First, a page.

Intrathecal Morphine Reduces Breakthrough Pain During Labor Epidural Analgesia
A. Vasudevan, C.E. Snoman, S. Sundar, T.W. Sarge, and P.E. Hess
(Br J Anaesth, 98:241-245, 2007)
Department of Anesthesia, Critical Care and Pain Medicine, Beth Israel Deaconess Medical Center, Boston, MA
Although combined spinal-epidural (CSE) labor analgesia is widely used, breakthrough pain is often reported by parturients after the spinal medication has receded. A previous study by the authors found that morphine added to a spinal injection did not prolong the duration of the spinal component of analgesia but improved the effectiveness of subsequent epidural analgesia. The current randomized, double-blind, placebo-controlled trial examined the effect of a small dose of intrathecal morphine in reducing breakthrough pain in 55 of 60 healthy parturients enrolled in the study.
The patients were of mixed parity and requested neuraxial analgesia; they were in active labor with a term, singleton fetus in vertex position. A midline CSE was performed at the L3-4 or L4-5 interspace using the needle-through-needle technique. Fentanyl 12.5 mg (0.25 mL) with bupivacaine 2.0 mg (0.8 mL) plus either 100 mg (0.2 mL) for the morphine group (MS) or an equal volume of saline for the placebo group (PLCB) was injected through a 25-gauge Sprotte needle. After this injection and the removal of the Sprotte needle, an epidural catheter was placed and tested with 3.0 mL of 1.5% lidocaine containing 1:200,000 epinephrine. Promptly after confirmation of negative intrathecal or intravenous injection, the epidural catheter was infused at 15 mL/h with a solution containing 0.04% bupivacaine, fentanyl 1.7 mg/mL, and 1:600,000 epinephrine. Initial treatment of breakthrough pain was by epidural injection of 0.125% bupivacaine (8 mL) with fentanyl 100 mg (2 mL). If required, 15 minutes later, a second epidural injection of 0.125% bupivacaine was given; a final assessment was made 15 minutes later and a final 10 mL of 0.125% bupivacaine was injected if indicated. The primary end point was the number of breakthrough incidents per patient. Determinations were also made for the number of supplemental epidural injections, the use of analgesics in the first 24 hours postpartum, and side effects. Failure of adequate pain relief would result in a replacement of the epidural catheter and elimination from further study. Pain and side effects were evaluated every 4 hours for 24 hours after delivery.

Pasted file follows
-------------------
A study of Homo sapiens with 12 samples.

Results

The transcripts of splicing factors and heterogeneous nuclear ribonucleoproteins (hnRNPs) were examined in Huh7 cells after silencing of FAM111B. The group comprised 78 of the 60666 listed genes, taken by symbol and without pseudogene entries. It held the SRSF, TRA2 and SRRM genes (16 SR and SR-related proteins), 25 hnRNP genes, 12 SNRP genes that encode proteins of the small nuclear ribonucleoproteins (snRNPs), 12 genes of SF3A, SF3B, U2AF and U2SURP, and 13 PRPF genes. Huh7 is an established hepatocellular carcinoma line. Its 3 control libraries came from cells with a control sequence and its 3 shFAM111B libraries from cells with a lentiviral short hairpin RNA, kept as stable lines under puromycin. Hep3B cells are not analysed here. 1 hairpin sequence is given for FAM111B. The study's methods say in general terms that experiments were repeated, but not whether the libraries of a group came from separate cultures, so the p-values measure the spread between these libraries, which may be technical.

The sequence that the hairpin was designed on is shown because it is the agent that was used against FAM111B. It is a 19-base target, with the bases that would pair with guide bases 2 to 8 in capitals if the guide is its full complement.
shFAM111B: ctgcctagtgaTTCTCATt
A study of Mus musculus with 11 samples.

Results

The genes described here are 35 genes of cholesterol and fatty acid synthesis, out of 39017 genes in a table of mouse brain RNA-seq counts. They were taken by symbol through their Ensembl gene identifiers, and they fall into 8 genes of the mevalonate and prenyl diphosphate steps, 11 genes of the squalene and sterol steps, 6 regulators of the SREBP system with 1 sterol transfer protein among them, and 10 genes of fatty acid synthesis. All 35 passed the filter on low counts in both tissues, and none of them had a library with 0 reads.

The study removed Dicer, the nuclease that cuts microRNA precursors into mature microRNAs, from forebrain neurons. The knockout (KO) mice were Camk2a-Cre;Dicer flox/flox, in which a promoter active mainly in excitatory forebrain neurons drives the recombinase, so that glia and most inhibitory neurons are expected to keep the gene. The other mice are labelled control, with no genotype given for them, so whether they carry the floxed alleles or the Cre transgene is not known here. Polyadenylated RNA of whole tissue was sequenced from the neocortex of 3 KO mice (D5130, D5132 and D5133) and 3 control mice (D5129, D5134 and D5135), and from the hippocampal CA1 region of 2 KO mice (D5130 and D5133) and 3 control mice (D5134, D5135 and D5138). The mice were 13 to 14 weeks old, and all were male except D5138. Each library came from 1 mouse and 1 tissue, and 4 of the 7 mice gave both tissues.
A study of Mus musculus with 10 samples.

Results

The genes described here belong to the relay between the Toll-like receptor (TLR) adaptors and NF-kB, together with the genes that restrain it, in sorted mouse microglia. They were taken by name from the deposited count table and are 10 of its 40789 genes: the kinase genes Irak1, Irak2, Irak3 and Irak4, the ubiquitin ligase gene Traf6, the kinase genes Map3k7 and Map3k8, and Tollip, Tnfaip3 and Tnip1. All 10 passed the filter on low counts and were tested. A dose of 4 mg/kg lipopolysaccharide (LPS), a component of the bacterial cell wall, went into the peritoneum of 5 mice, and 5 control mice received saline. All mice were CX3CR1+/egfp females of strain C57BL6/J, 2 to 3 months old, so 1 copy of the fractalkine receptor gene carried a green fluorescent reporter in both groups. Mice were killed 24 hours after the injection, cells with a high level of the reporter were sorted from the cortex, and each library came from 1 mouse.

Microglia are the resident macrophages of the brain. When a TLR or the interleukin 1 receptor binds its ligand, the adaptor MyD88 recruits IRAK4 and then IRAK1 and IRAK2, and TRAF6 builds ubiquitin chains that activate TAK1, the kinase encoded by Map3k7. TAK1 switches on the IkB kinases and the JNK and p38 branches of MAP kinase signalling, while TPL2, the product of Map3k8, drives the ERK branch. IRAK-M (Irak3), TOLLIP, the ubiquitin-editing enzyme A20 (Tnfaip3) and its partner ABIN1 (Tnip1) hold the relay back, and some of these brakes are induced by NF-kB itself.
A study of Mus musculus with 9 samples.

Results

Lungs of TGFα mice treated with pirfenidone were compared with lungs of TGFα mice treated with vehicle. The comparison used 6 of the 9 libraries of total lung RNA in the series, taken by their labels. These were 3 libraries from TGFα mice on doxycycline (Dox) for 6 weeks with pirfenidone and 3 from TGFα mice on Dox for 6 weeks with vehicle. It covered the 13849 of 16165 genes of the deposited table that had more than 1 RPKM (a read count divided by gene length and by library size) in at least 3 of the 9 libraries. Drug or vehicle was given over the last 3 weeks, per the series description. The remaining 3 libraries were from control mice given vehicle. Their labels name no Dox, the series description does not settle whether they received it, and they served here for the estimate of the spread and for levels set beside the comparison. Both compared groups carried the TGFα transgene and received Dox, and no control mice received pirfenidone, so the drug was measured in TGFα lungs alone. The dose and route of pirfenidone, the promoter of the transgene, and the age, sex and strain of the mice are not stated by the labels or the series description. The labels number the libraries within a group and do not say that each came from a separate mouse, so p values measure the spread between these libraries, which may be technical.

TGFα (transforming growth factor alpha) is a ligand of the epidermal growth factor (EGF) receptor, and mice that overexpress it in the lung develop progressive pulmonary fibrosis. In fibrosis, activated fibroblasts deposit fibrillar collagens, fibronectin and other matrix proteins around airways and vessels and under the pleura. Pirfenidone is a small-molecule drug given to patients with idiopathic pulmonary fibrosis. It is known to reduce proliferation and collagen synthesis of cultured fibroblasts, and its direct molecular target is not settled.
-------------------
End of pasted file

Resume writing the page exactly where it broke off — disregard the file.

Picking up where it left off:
Fifty-five patients could be evaluated; the MS and PLCB groups did not differ in maternal and obstetric characteristics. Vital signs, analgesic level to cold and pinprick, motor block, and pain scores were similar in both groups. The MS group had 0.6 episodes of breakthrough pain per patient compared with 1.1 episodes for the PLCB group. The hourly rate of breakthrough pain was lower in the MS group, and the median time from spinal injection to the first episode of breakthrough pain was 300 minutes in the MS group compared with 180 minutes in the PLCB patients, a statistically significant difference. The incidence of all side effects during labor was similar. At the 24-hour follow-up, the MS group had slightly more nausea, but the incidences of other side effects were similar. Requirements for postpartum pain medications were reduced in the MS group. Among those who had a successful vaginal delivery, there was a 40% reduction in the doses of pain medication administered and a 75% reduction in the use of oral opioid pain medications. The investigators concluded that a small dose of intrathecal morphine added to a spinal injection of fentanyl and bupivacaine appeared to increase the effectiveness of epidural labor analgesia.